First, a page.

Communicating Without Uttering a Word

We may view the primary form of communication as speaking with one another verbally, but we speak almost just as often and effectively through nonverbal communication: body language. The way we hunch over in our chairs, and the way we shrug our shoulders or roll our eyes, are all forms of communication, and negative communication at that. Some positive examples include making direct eye contact, leaning into a handshake, and keeping our arms open. These negative and positive forms of body language all communicate something different. Let’s explore some of these nonverbal communication means:

  • Crossed arms: I think we all know what this form of body language communicates. It typically means the individual feels uncomfortable—they might be in disagreement or feel defensive toward whoever they’re communicating with. Whichever way, crossing of the arms can definitely communicate negativity.
  • Nail biting: Nail biting also portrays a negative mood. It can be attributed to the individual feeling stressed, nervous, or insecure. Many people get into the habit of biting their nails and don’t even notice when they’re doing so.
  • Tapping fingers and feet: An individual who’s tapping their fingers or their feet repeatedly may be feeling nervous as well. It can also mean the individual is impatient or growing tired of waiting.
  • Head tilted: A tilted head typically characterizes someone in deep thought or interest. For example, dogs often tilt their heads to one side when their owner talks to them—they’re trying their best to understand what is being communicated with them.
  • Rubbing hands together: We often rub our hands together vigorously out of excitement. Think, you’re being served a delicious dinner or planning a fun night with your friends.
  • Pulling of the ear: Interestingly enough, we often pull on the lobes of our ears when we’re having a difficult time making a decision. Therefore, this motion typically characterizes indecisiveness.
  • Open palms: Open palms similarly characterize openness and honesty. It can also be a sign of sincerity or innocence. Some open up their palms at church during worship to demonstrate submission.
  • Head in hands: Placing your head in your hands can communicate a couple different messages. It might show that you’re simply bored or tired or it could convince someone that you’re upset about something.
  • Rubbing or stroking chin. Like tugging on our ears, stroking our chins or beards occurs when we’re trying to reach a decision and happens unintentionally or without notice.

Little-Known Facts about Body Language

While many of us don’t realize or consider what we might be communicating in the moment, we’re aware that our body language has an effect on our conversations and relationships. However, here are a few facts about body language many do not know:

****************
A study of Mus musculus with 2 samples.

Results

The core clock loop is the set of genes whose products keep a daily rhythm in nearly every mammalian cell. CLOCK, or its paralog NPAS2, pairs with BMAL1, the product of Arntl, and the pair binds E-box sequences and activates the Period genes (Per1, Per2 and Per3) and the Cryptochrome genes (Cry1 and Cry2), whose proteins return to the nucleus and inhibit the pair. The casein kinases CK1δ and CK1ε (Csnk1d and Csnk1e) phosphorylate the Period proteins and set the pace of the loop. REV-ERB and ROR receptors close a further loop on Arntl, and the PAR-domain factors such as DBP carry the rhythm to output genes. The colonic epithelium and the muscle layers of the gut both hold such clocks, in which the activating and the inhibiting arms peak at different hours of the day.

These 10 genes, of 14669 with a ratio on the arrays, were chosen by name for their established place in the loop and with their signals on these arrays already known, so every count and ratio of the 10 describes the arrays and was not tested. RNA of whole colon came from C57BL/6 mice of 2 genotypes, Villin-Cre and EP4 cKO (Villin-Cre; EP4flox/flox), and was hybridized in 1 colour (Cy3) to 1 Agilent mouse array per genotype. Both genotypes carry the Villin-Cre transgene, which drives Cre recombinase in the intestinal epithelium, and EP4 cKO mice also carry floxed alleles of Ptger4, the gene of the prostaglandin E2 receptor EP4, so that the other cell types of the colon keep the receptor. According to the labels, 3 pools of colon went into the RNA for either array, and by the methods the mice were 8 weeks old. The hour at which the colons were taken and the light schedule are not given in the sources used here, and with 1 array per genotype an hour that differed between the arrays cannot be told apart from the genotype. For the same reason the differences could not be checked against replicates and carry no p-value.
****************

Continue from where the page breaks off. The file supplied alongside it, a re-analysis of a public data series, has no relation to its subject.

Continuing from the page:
1. Reading body language requires emotional and social intelligence.
As it turns out, reading body language is similar to reading emotions. Have you ever wondered why you could tell right away that your friend was upset but everybody else seemed oblivious to it? This is due to emotional intelligence. On one end, people can easily read language and understand social cues, and at the other, people don’t pick up on these signals.

2. Culture makes a difference.
While most facial expressions are universal throughout the world (expressions of happiness, excitement, fear, etc.) other nonverbal behaviors are very cultural specific. For example, making eye contact is a respectful practice in the United States, but can be rude or disrespectful in other countries, specifically in the Middle East.

3. Nobody can correctly interpret body language 100% of the time.
Though body movements can certainly communicate different moods and meanings, these interpretations are never 100% accurate. We discussed a few body language examples that could communicate a variety of emotions like placing your head in your hands, for example. This might mean you’re tired and simply want to rest for a moment or it might lead people to believe you’re upset about something. So when there are multiple explanations, how do we know which one is correct? We don’t. We can make educated guesses, but we can’t be sure.

4. You’re better at reading your loved ones’ body language than anybody else.
This makes sense. You spend a majority of your time with these individuals and you’ve known them for a very long time; therefore, it’s easy for you to tell when they’re in a good or bad mood, when they’re struck with emotion, and when they’re body language is actually communicating how they feel.

5. It’s unconscious.
We typically don’t realize when we’re engaging in nonverbal communication, as senders and receivers. We don’t first think: “Okay I’m going to tug on my ear so that someone knows I’m making an important decision.” And we also don’t typically make it a point to analyze one’s body language—we just do it. For example, you may feel like you nailed that job interview, but you find out a few days later you didn’t get the job. This might be due to nervous or closed-off body language you didn’t realize you were communicating with the interviewer.